More than 100-year-old California chocolate mainstay See’s Candies is closing one of its downtown San Francisco shops for good, SFGATE reports. A sign posted to the door of See’s Candies’ 3 Embarcadero Center location notified shoppers that the store will close as of Saturday, December 24. Just three See’s Candies stores will remain in San Francisco after this closure, although the company maintains more than 200 stores across the United States, according to its website.
This closure caps off a year of businesses shuttering in and around downtown San Francisco, along with efforts by the city to curb the exodus. Particularly in the Embarcadero Center, the Vacant to Vibrant program has sought to temporarily install small businesses into vacant storefronts this past fall to help increase foot traffic in that area.
City Hall cafe will make a comeback
City Hall’s empty basement cafe is set to make an exciting comeback, as five Bayview businesses seek formal approval to set up shop as an eatery dubbed Cafe Mélange, the San Francisco Chronicle reports. Gumbo Social, Talio’s, Yes Pudding, Radio Africa, and Yvonne’s Southern Sweets will move in, if all is approved, and there are “tentative plans” to update the dining room space. No opening date is set, as the lease is still up for approval by the Board of Supervisors early next year.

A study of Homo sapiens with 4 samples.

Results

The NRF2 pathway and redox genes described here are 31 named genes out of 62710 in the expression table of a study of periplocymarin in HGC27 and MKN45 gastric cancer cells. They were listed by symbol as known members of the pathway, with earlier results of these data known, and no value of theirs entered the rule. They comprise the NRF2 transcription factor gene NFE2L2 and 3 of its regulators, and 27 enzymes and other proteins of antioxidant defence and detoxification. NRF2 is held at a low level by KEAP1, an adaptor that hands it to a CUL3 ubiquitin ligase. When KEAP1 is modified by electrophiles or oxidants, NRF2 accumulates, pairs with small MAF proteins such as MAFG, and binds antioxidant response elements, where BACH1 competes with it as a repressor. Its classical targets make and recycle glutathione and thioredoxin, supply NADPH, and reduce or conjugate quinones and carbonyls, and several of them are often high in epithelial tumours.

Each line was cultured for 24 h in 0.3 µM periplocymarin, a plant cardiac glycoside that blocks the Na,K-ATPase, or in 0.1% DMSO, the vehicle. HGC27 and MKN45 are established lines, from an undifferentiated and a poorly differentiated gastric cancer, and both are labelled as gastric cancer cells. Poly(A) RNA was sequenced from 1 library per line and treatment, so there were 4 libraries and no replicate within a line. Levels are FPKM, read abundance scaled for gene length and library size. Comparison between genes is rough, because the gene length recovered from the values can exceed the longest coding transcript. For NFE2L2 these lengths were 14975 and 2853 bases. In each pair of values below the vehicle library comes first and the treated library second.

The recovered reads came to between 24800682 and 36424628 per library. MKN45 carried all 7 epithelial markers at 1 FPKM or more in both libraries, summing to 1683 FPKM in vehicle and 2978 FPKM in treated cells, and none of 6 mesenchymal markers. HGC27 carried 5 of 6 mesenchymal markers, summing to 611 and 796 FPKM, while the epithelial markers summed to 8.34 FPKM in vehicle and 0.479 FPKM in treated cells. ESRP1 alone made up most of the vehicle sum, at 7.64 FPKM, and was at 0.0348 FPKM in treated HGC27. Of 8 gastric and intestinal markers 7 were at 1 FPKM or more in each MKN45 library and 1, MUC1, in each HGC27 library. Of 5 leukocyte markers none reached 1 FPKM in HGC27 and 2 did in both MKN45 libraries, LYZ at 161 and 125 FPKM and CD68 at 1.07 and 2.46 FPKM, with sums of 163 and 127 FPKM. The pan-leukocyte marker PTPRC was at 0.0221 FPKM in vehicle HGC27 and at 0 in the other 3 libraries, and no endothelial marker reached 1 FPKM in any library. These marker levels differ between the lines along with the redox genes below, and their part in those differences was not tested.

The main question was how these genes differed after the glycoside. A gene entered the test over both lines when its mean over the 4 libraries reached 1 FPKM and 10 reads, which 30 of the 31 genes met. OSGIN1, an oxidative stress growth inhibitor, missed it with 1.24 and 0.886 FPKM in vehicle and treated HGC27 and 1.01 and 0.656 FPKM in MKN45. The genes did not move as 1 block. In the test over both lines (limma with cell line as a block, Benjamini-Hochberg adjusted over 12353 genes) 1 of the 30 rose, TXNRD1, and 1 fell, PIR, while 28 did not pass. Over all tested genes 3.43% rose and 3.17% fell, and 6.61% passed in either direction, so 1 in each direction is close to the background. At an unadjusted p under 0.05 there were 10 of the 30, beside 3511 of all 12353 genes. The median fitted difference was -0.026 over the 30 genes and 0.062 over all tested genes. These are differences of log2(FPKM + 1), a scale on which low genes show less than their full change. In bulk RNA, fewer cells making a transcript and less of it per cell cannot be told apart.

Munchner Haus Delicatessen will close
German deli Munchner Haus — also known as Rita’s German Deli — is set to close at the end of the year, after serving Fremont residents for more than 30 years, the Mercury News reports. Customers report the deli is already selling off fixtures ahead of the closure, alongside the sandwiches that made the restaurant popular.
Beijing duck restaurant from Z&Y just opened
The chef behind Z&Y and Chili House just opened a new restaurant dedicated to crispy Beijing duck: Z&Y Peking Duck opened at 606 Jackson Street, across from the original Z&Y, the San Francisco Chronicle reports. It takes up the former Z&Y Bistro space, which closed during the pandemic. It serves the aforementioned duck, along with dim sum.